Bow "B" Experiments
Distance of center of arrow group to right or left of point sighted when bow was held in left hand.
|With Glove||Bare Fingers|
In these experiments the arrows were not allowed the same degree of freedom of motion as they would have if shot from the standard type of bow, as they struck against the left side of the bow opening after leaving the arrow rest, the opening being ¾ inches wide and ¼ inches from back to belly of bow, but as they had more freedom than with the "A" bow type of arrow rest they grouped nearer the point sighted on when either a glove or bare fingers were used.
Experiments Using Bows "C" and "D"
All arrows irrespective of their material, length, diameter or spine grouped around the point sighted whether shot with three-finger, pinch or mechanical release, with a glove or with bare fingers.
With the type of arrows rests used on "C" and "D" bows the arrows were free to move to the left (bow held in left hand) without obstruction and the arrows had an opportunity to readjust themselves after receiving the side push caused by the string going around the finger tips, and they therefore grouped around the point aimed at.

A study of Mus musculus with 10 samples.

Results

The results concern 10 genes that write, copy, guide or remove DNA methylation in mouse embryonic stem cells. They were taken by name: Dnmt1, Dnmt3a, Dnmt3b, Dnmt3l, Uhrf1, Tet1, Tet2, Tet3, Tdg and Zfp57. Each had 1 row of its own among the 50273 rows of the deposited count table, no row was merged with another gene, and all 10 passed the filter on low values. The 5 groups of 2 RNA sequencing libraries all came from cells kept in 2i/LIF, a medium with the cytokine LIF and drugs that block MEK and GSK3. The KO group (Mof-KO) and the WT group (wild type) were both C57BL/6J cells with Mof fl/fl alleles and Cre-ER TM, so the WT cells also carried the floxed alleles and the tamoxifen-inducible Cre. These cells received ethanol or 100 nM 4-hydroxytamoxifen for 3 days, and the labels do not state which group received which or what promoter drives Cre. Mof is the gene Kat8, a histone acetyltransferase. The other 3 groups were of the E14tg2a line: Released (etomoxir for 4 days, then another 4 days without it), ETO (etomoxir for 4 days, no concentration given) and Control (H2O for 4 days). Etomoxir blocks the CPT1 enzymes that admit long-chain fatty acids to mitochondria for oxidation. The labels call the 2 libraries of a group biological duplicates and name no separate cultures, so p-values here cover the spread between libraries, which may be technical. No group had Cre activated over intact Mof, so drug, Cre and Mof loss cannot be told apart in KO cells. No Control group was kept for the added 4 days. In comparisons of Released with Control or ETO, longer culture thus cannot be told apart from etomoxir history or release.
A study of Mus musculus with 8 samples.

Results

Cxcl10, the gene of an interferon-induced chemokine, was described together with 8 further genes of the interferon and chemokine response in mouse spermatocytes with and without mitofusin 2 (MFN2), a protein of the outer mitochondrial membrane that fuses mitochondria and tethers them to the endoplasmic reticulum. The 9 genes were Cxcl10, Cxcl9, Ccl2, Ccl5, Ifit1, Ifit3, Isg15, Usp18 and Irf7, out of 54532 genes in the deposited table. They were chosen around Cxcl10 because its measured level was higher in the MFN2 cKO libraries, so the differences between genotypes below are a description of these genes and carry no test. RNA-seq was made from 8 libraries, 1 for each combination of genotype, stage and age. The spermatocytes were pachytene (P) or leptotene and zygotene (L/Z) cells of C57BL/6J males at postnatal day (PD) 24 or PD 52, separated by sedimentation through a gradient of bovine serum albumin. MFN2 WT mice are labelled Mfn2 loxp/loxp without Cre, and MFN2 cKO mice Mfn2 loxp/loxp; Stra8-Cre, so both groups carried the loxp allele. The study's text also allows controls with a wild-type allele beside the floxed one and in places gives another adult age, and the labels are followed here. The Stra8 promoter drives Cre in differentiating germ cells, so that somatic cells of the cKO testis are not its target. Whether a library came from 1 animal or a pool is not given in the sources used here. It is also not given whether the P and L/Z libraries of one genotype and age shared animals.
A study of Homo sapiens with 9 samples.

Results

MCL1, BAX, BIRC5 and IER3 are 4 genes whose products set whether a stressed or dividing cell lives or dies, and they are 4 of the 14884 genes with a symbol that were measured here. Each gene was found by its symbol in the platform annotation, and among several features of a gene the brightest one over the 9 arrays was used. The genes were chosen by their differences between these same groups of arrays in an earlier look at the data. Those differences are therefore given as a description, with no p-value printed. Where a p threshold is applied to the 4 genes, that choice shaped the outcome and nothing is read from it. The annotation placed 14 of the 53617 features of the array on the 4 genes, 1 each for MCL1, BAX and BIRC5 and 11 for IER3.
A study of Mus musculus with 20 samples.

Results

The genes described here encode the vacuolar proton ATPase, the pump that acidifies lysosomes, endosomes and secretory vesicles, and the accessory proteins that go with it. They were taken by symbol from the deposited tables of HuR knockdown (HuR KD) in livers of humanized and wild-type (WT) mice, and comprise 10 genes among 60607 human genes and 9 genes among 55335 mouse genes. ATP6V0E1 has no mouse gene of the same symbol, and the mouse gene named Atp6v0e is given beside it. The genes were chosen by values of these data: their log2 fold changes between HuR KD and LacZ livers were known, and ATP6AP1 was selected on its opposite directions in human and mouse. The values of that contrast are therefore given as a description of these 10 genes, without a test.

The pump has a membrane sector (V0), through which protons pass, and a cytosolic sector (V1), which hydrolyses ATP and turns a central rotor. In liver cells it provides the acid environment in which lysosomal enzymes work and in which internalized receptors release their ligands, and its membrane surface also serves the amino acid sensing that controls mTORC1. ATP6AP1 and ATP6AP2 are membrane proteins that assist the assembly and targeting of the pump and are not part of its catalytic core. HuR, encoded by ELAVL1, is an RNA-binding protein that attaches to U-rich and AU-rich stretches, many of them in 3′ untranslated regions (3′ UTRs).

Tests Using Pinch Release
With the pinch release or its equivalent in a mechanical releasing device, all four sets of arrows shot from all four bows grouped around the point sighted on, the sight being kept in the vertical middle of the bow at all times and adjusted vertically to take care of the different weights of the arrows in the different sets.
If matching target arrows for spine to a fine degree is as difficult and important as many archers appear to believe, then the center shot bow of proper design has an advantage over other types, in that arrows of greatly different spines will group together on the target without any allowance being made for differences in spine.
The center shot bow also has the advantage that very light arrows may be shot with heavy bows giving flatter trajectories than are possible with bows that force the arrow to bend in order to go around it. The 28"—7/32" diameter 290 grain "Z" arrows performed very well when shot with a 45 lb. "D" type bow. This "Z" arrow has so little spine it became per-manently bent when shot just once with a 45 lb. bow of conventional design.
No doubt hundreds of center shot bows have been made and shot but it is seldom that one is seen in use. However, as indicated above, properly designed center shot bows have certain inherent advantages which, when more generally re-cognized, should increase their use considerably, and may become the favorite type with many archers.